July 3, 2012 | Education
Women of Tomorrow: The Power of Mentorship
By Anna Louie Sussman
For Jennifer Valoppi, necessity was the mother of invention. A firm believer in mentorship – but also an Emmy Award-winning television reporter with a chaotic schedule – she needed a way to participate in the lives of young women while also keeping pace with the demands of her career. So fifteen years ago, she created Women of Tomorrow.
Drawing on her own experience throughout her career and her knowledge of psychology (her college major), she designed a program that built on dynamics she had both observed and researched. It would have both a mentoring component – women sharing their experience with those younger than them – and a group element, to foster a sense of community and support among the girls.
“The research was very clear that the real problem with inequality between men and women was not so much that men felt that women were inferior; the problem was that women who made it to the top liked being the only one there and didn’t do anything to help other women along. It’s something I actually ran into on a number of occasions in my professional life,” she said. “I always believed that women needed to support each other.”
She wasn’t alone in her diagnosis. When she pitched the idea over dinner to her first crop of potential mentors (“23 of the most accomplished, professional women in South Florida,” as she put it), everyone immediately was on board. Not only have they stayed on, but they have referred their friends. The South Florida program has expanded to 266 mentors for 1,800 students.
“People mentor the first time because I asked them to or because another mentor asked them to,” she said. “But you stay in the program, you come back, because it’s so much fun. It’s so rewarding. We all say that we get more out of this program than we give.”
The program targets at-risk young women who come from disadvantaged backgrounds. By combining monthly group mentoring sessions over three or four years with career-focused field trips and scholarship opportunities, the program builds their self-esteem and exposes them to a wide range of professional possibilities. Over 3,500 have graduated, and of those, nearly 1,200 girls have received scholarships totaling more than $3.2 million.
“The group mentoring gives the girls the opportunity to form a community with girls they don’t normally hang around with, who are trying to turn their lives around,” she said. “It gives them a support system. We know from research that kids are much more influenced by their peers than they are by their parents, or by adults in general.”
The participants have a 92 percent graduation rate, and over 90 percent of participants pursue higher education after completing the program, even though nearly half are the first in their families to finish high school. Ms. Valoppi said she’s seen the program’s effects ripple through the girls’ families and communities as well.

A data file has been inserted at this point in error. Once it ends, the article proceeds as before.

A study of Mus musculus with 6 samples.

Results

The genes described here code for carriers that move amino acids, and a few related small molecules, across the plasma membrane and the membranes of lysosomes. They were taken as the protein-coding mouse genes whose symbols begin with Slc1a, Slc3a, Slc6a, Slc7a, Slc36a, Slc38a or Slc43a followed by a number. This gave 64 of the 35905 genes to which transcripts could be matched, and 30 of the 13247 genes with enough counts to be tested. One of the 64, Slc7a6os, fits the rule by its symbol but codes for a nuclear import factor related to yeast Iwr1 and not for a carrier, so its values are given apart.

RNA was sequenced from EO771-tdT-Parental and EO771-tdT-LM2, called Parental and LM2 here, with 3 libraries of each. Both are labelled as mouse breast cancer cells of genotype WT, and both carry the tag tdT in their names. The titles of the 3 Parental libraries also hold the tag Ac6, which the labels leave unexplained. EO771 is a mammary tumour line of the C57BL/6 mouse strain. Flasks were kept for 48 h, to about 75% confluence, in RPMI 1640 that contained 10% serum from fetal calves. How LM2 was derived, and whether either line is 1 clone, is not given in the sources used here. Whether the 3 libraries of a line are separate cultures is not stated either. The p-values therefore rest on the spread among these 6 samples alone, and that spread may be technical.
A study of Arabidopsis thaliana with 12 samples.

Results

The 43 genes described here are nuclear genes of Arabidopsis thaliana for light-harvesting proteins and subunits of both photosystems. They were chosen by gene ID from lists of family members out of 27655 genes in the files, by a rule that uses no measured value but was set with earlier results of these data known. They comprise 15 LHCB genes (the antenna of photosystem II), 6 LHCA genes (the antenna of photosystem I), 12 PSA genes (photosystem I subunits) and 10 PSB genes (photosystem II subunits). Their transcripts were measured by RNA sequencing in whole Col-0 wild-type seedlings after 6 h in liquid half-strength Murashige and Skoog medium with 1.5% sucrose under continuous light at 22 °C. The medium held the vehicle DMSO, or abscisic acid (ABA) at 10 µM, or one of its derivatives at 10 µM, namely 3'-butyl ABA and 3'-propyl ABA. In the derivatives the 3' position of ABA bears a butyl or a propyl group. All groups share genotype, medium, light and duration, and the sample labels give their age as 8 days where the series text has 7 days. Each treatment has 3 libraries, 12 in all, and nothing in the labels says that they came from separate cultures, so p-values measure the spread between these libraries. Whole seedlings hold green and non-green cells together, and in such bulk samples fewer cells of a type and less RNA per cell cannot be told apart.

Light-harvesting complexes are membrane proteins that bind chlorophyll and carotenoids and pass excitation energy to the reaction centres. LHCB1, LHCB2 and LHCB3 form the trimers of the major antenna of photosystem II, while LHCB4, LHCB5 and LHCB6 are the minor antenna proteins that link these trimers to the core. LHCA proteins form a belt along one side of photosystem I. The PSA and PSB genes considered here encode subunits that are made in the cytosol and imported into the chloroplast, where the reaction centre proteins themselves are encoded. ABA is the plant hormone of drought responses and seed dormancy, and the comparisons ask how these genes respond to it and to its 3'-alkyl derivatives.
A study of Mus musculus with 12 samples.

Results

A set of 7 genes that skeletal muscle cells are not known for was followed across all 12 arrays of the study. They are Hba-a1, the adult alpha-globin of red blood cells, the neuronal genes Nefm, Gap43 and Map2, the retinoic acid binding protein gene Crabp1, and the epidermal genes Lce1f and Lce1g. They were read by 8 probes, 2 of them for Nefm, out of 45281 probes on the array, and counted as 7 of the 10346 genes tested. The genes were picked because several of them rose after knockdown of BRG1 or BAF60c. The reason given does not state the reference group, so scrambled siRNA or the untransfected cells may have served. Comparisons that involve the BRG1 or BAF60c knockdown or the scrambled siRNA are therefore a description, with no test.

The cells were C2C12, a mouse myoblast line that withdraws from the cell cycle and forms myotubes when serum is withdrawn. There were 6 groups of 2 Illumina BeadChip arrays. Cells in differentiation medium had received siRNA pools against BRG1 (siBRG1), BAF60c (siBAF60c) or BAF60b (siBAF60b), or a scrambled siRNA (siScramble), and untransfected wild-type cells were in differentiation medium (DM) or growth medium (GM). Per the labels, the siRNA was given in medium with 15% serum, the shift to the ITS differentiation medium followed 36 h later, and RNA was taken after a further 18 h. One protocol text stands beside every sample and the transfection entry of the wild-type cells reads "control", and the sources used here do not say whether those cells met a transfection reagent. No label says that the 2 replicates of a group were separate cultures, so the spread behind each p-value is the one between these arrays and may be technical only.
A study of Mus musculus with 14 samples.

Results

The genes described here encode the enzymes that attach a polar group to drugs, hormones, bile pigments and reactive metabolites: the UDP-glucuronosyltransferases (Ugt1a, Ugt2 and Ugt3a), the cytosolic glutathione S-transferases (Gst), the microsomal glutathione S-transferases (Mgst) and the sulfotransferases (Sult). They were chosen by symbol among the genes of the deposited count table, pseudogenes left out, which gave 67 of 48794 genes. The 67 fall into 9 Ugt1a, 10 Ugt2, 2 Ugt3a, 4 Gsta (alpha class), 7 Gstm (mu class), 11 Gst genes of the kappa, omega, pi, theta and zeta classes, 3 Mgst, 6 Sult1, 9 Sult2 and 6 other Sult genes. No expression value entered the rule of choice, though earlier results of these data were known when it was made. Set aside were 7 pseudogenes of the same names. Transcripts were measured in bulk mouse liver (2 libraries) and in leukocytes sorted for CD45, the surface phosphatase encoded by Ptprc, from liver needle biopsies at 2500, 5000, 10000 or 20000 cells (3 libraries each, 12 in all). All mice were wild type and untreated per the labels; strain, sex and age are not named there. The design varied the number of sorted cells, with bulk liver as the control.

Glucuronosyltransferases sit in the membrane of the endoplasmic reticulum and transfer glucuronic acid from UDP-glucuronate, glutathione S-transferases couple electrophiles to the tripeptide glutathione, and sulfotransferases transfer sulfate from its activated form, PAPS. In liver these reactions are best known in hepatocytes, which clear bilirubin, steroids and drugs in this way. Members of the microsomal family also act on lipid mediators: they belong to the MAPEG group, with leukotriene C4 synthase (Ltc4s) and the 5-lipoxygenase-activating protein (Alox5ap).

“One of the things that I’m always amazed by is not only the impact we have on the girls, but the unintended consequences that the program has on their family members, friends and kids who aren’t even in the program,” she said. “Showing them that women can be trusted, that there are people out there that care about them - these are lessons that they will carry through, not only the rest of their lives, but that they will share with everyone else.”
The program has been so successful that it recently received a grant from the Knight Foundation to expand into Detroit, where Ms. Valoppi grew up, and Philadelphia. .
One ninth-grade student who survived sexual assault during her initiation into a street gang credits Women of Tomorrow with turning her life around. In a speech she delivered in front of over 200 of Detroit’s leading entrepreneurs, she spoke of how she went from an F student who hated to school to having a 3.0 grade point average. With her experience coping with depression, brought on by the brutality she experienced at the hands of the gang, she intends to become a psychiatrist. She hopes to go to Florida State University on a scholarship from Women of Tomorrow.
“I feel like I can connect with others that are depressed,” she said in her speech. “I like hearing what others are going through and assuring them that someone is there that understands.”
Ms. Valoppi said her story is just an example of the countless girls she has seen take enormous strides.
“These kids really change their lives. They do it just with a little bit of help and guidance,” she said. “Part of the philosophy is just to expose them to the possibilities that are out there. When you realize what you can do and what you can be, you don’t want to stay in a disadvantaged situation. You want to get to this better place. If you give them something to aspire to and then you give them the tools to get there, I think very few kids won’t make the right decision.”
Anna Louie Sussman is a writer and editor for the Women in the World Foundation website, and a frequent contributor to major U.S. magazines and newspapers.